Abu Dhabi: As a Muslim from the south Indian state of Kerala, the Papal Mass attended by Christians, Muslims, Hindus and people of other faiths revived fond memories of my childhood. Growing up with Hindu and Christian friends and sharing religious festivals and occasions were — and remain to this day — a common experience in Kerala for a Muslim.
This experience of growing up has remained largely unchanged despite the current turbulent socio-political situation in many other parts of India.
Living away from my homeland, the Papal Mass was reminiscent of a harmonious life where love, affection and support was showered on me by neighbours and friends for whom religion was immaterial in relationships.
That moment filled me with hope. Amidst every-day news of conflicts in the Muslim world, mostly due to religious and sectarian differences, a leading Muslim nation, my home away from home, has hosted a rare religious ceremony of another prominent faith. It gives a ray of hope because the Papal Mass reminded me the anecdotes I heard in religious sermons of hospitality extended by Prophet Mohammad (PBUH) and Caliph Omar Bin Al Khattab to Christian and Jewish priests.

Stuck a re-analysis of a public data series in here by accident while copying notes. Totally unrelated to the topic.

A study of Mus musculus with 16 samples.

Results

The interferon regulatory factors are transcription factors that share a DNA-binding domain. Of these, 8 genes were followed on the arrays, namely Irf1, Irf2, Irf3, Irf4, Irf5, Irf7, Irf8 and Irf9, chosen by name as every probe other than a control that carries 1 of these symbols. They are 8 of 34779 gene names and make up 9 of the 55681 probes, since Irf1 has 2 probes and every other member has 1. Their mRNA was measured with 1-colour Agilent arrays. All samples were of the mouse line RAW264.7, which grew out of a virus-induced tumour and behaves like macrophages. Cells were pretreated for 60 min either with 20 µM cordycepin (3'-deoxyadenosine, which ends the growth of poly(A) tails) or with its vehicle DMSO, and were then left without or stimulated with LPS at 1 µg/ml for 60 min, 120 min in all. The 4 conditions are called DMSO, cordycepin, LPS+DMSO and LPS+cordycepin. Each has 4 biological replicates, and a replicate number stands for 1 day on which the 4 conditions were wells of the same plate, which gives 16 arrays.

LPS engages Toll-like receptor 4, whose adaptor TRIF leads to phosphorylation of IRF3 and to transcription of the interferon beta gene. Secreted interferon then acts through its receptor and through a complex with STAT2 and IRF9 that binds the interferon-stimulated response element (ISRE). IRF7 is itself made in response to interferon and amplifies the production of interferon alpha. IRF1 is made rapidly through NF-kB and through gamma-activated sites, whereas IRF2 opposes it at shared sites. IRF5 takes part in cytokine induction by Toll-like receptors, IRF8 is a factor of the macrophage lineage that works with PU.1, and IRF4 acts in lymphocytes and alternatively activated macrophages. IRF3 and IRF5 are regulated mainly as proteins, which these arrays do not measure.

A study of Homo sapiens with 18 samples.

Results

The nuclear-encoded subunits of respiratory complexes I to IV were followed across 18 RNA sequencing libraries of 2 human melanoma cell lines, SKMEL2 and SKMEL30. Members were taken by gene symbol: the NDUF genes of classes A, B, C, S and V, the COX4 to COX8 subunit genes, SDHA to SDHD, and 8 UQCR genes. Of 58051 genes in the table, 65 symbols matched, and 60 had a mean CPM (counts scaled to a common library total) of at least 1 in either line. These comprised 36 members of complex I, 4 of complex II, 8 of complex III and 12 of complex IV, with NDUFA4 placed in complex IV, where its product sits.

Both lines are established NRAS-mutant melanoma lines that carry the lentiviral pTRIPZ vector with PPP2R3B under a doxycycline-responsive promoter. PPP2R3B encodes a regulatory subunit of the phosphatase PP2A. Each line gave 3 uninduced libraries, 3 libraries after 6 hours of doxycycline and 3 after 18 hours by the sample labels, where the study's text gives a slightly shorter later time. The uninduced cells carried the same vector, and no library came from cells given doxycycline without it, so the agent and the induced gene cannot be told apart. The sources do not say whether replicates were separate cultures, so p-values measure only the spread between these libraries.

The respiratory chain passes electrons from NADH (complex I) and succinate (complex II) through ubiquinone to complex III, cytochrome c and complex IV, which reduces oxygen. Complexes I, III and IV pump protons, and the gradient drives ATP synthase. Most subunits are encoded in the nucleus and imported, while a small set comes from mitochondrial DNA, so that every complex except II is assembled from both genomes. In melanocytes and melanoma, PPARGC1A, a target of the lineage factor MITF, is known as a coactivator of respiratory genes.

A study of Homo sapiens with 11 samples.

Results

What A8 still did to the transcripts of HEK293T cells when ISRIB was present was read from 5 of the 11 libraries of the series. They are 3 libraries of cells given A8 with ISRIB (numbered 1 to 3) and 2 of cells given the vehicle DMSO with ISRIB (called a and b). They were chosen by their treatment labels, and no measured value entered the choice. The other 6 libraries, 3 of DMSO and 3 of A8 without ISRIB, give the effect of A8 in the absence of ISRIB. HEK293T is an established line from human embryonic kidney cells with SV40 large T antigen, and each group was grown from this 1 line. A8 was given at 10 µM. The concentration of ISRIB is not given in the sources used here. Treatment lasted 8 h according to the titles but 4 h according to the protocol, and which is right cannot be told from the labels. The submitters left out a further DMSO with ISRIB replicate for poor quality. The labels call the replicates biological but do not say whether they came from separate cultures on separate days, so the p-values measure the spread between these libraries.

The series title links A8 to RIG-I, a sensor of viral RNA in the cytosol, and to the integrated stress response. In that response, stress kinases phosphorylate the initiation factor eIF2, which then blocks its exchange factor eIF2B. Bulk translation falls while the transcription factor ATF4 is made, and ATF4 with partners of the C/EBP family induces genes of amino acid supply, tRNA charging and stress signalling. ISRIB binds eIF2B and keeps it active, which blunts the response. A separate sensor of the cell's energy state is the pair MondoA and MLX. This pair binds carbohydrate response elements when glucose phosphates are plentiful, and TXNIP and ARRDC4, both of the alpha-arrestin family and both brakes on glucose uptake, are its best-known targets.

When a nation tries to emulate such good examples from its own religious tradition and history, it strengthens the hope of the people who believe in such harmony and fraternity.
Every thought of excitement and jubilation causes introspection in any sensible person. During the mass on Tuesday, when I looked around, some fellow Muslims were respectfully following the proceedings. One rightly said: “I did not understand everything, but I realised that we all pray the same way and to the same God.”
Those words were the answers to my introspection on the validity of excitement and sense of jubilation about a harmonious future. If it has aroused similar thoughts and hope among some, I am sure this will spread to many throughout the world.